MV Loch Seaforth
MV Loch Seaforth

The breakdown of CalMac’s largest ferry has left a gap in capacity across the Western Isles.

The island authority has set out a list of suggestions to Transport Scotland to help ease the situation.

Western Isles Council voiced its frustration after Loch Seaforth, which runs between Stornoway and Ullapool, suffered a major breakdown on Wednesday.

In the meantime, the Isle of Lewis is picking up the service. MV Isle of Arran will be temporarily taking over the overnight freight run from Wednesday evening.

Loch Seaforth will be out of action until the end of April, and possibly into May, as it heads to Greenock for specialist repairs.

Picture by SANDY McCOOK Loch Seaforth’ crosses the Minch from Stornoway to Ullapool.

The Isle of Lewis has been covering the two freight sailings, however it is unable to continue as it cannot maintain three return crossings in 24 hours due to crew availability. She will continue to operate the day services.

Removal of Loch Seaforth from the fleet means capacity is reduced from the Butt to Barra, said Western Isles Council.

A statement issued by the authority said: “The people of the Western Isles told Transport Scotland, CMAL and CalMac that the preference was a two-ferry solution on the Stornoway to Ullapool route to protect against the inevitable breakdown of a single vessel.

“Instead, a single big ferry was provided with fewer passenger sailings in the timetable than before her arrival when a dedicated freighter took the overnight strain.”

Councillor Uisdean Robertson, chairman of Transport and Infrastructure at the council, said: “The issues affecting the Western Isles as a result of the unfortunate engine failure of Loch Seaforth could have been less severe had the wishes of island communities been listened to and had any lessons been learned from past failures such as the 2018 loss of MV Clansman over that Easter period.

“There are steps available to Transport Scotland.”

He said that in the short term MV Pentalina should be chartered to provide the overnight freight service to Stornoway with the Isle of Lewis making up for lost capacity by sailing three times a day in the daytime.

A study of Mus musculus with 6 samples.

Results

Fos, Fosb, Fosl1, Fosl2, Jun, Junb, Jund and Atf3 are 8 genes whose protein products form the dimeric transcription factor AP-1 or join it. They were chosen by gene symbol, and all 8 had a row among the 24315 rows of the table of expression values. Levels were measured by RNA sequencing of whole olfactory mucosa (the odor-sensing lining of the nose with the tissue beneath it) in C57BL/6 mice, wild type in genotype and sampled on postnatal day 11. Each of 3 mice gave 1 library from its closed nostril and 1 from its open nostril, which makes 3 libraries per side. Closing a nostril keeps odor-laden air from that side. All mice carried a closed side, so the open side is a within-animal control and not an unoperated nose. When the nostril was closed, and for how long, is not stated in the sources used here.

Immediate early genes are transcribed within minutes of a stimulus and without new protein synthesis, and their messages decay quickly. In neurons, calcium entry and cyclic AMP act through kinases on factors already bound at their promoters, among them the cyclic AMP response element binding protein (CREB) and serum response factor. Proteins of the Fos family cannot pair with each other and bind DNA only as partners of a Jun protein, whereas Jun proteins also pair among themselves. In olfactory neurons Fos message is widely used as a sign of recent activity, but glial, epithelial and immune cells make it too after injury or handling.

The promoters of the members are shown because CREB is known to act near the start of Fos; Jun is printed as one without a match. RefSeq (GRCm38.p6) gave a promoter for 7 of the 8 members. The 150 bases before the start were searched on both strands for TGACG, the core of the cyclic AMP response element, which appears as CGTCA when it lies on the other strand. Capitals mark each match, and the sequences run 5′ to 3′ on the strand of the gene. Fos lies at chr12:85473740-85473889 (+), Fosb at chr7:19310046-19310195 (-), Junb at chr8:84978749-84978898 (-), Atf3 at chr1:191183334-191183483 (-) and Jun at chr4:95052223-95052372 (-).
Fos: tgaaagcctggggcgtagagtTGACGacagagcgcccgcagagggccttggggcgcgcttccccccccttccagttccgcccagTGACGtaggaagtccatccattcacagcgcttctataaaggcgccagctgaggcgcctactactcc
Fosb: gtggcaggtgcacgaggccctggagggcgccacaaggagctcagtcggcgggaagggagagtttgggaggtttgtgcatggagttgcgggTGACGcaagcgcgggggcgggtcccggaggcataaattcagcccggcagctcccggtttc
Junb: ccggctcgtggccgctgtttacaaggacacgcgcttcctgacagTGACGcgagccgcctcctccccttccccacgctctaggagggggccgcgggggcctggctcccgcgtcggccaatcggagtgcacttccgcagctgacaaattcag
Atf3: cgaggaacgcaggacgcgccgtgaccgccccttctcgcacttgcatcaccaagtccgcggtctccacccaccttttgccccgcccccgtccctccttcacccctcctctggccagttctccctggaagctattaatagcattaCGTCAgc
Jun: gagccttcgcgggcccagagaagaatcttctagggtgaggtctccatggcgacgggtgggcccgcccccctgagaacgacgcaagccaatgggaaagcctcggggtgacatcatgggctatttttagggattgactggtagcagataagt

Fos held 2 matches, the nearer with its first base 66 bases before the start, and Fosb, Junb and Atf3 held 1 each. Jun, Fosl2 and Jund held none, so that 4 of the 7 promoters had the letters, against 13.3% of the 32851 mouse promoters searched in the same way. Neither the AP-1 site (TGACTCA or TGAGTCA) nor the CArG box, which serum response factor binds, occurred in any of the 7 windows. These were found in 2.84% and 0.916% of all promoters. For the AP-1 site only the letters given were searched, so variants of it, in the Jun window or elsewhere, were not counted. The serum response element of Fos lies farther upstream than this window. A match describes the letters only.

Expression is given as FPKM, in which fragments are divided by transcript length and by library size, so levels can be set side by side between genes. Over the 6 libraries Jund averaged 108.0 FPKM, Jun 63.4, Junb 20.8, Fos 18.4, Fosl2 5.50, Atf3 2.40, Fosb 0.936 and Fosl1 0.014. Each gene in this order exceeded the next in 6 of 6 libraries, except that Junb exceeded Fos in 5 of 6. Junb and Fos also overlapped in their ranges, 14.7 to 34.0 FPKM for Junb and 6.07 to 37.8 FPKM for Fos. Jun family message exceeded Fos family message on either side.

He added: “Once Loch Seaforth returns Pentalina should be retained for the Mull route leaving MV Isle of Mull as second ship on the route and available to cover other routes in the event of technical problems elsewhere on the network.

“The opportunity of the new catamaran that has been identified by Mull Ferry Committee should be grasped.”

Islanders on Mull are calling on the Scottish Government to purchase a £10million catamaran currently under construction. They say it is the quickest and cheapest way to ease congestion on the busy Oban to Craignure route.

CalMac said the possibility of hiring a vessel on a temporary basis has been explored but unfortunately, none are available at short notice. This includes the Pentalina, which is not going to be free for a number of weeks.

The Arran ferry picking up the Stornoway freight run means that only one ferry, the Caledonian Isles, will operate the Ardrossan to Brodick route from April 29. Sailings on the other Arran route, Claonaig-Lochranza, will be doubled to take the strain.

As a result the Ardrossan to Campbeltown service, due to start on April 29, has been pulled.

Robbie Drummond, Managing Director of CalMac, said: “It is vital that a freight service is provided on the Stornoway-Ullapool route and this movement of vessels is necessary to provide this.

“This situation is far from ideal, and we apologise for how these changes will affect passengers. We will endeavour to offer alternative sailings to everyone who has already booked tickets between Ardrossan and Brodick.

“We know how disruptive this will be for customers and we will keep everyone informed of any further developments. Thank you for your patience at this time.”

A Transport Scotland spokesman said: “We acknowledge customers’ frustrations during periods of disruption and remain committed to supporting vital lifeline services. We fully recognise the key role ferry services play in supporting the economic, social and cultural development of island and remote mainland communities.

“Transport Scotland is currently working with CMAL, CalMac and many others to develop potential investment programmes for major vessels and small vessels with the aim of increased standardisation, taking account of the many varied routes available and circumstances.

“We look forward to working with all interested parties to continue to deliver improvements, building on the substantial investment in routes, services, vessels, harbours and fares which have been made in these services in recent years and which have led to significant enhancements in connectivity, capacity, affordability and passenger numbers.”